Nirupama Subramanian

ISLAMABAD: India has a legitimate role to play in the search for stability in Afghanistan and the region, the U.S. special envoy on Pakistan and Afghanistan, Richard Holbrooke, said on Friday.

Mr. Holbrooke’s two-day visit, that he described as a “humanitarian mission’ to assess the needs of people displaced by anti-Taliban military operations in the North-West Frontier Province, was marred by a bomb blast in a mosque in the operational area after Friday prayers in which nearly 40 people were killed.

The bomb attack took place in a village in Upper Dir, close to the Swat valley, where the military has been fighting the Taliban for more than a month. The explosion killed at least 38 worshippers. The building was reduced to rubble and many people were feared trapped under it.

At a press conference at the end of his visit, the U.S. official commended the Pakistan military for taking on the Taliban, and said it indicated that Islamabad was determined to take on extremism.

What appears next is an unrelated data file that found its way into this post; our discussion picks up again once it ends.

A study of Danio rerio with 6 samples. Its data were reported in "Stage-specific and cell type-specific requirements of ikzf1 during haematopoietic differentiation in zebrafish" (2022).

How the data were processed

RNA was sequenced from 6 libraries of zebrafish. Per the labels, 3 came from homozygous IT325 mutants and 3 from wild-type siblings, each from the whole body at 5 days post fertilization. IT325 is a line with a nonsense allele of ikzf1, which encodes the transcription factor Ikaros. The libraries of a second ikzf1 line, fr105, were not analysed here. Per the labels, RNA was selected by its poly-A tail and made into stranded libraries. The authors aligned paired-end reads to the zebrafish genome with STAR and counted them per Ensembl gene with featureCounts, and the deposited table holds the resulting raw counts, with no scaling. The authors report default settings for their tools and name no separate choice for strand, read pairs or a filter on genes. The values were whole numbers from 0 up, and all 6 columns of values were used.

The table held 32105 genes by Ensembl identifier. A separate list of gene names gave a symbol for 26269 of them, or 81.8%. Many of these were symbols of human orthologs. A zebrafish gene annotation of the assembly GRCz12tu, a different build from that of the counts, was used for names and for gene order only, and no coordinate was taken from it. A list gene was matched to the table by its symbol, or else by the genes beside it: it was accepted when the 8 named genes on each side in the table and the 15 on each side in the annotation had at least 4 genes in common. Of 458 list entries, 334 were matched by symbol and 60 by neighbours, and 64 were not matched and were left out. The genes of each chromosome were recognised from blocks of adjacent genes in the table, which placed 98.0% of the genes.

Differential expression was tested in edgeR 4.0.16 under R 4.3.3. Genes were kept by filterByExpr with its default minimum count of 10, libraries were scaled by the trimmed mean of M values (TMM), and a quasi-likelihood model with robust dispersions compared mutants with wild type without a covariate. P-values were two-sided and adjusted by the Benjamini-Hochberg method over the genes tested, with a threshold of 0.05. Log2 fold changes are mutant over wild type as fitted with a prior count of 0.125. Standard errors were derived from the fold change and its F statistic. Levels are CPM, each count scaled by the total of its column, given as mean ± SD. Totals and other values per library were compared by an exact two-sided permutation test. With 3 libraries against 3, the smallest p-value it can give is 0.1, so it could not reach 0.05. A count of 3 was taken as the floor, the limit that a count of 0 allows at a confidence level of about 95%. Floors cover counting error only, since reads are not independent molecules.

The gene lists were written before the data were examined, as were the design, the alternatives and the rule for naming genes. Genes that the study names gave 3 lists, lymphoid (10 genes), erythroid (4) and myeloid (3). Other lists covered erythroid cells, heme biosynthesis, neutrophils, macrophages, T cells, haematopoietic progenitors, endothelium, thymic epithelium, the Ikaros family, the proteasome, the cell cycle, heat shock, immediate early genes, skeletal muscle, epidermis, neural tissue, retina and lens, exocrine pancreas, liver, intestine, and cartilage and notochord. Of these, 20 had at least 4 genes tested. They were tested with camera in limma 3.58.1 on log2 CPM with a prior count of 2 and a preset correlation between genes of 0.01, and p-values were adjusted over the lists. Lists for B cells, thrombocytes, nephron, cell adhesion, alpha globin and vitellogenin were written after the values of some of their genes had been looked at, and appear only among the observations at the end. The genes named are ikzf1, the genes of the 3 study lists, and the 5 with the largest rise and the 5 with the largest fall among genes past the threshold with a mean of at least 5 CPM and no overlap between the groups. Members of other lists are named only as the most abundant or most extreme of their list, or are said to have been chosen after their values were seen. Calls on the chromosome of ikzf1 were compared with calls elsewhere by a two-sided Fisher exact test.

“It’s a big turn,” he said.

He also attempted to allay Pakistani fears that a troop surge in Afghanistan could mean U.S. troops inside Pakistan, saying Pakistani troops would tackle militants on their side of the border and no U.S. troops would be deployed in this country.

In response to a question, Mr. Holbrooke said the term “Afpak” was not meant to demean Pakistan, but was “bureaucratic shorthand” intended to convey that the situation in the border areas on both sides was linked and one side could not be resolved without the other.

Answering another question, the special envoy said though he was not the special representative for India, he was in constant touch with the Indian government for “obvious” reasons.

“India is a very important player not only in the region, but also internationally and throughout the globe. They have a legitimate role to play in the search for stability in the region, and a legitimate need to be fully informed of what we are doing,” he said.

He said U.S. relations with India and Pakistan were “not a zero-sum game,” and it was possible for the U.S. to build good relations with both countries.

Earlier, Prime Minister Yusuf Raza Gilani, who met Mr. Holbrooke, asked him to write off monies owed by Pakistan to the U.S. to the tune of $1.5 billion.

Mr. Holbrooke had earlier announced $200 million in humanitarian assistance, in addition to an earlier commitment of $110 million to help Pakistan deal with the problems of the internally displaced persons. The statement said Mr. Holbrooke assured Mr. Gilani that the U.S. would look into Pakistan’s request for the debt write-off.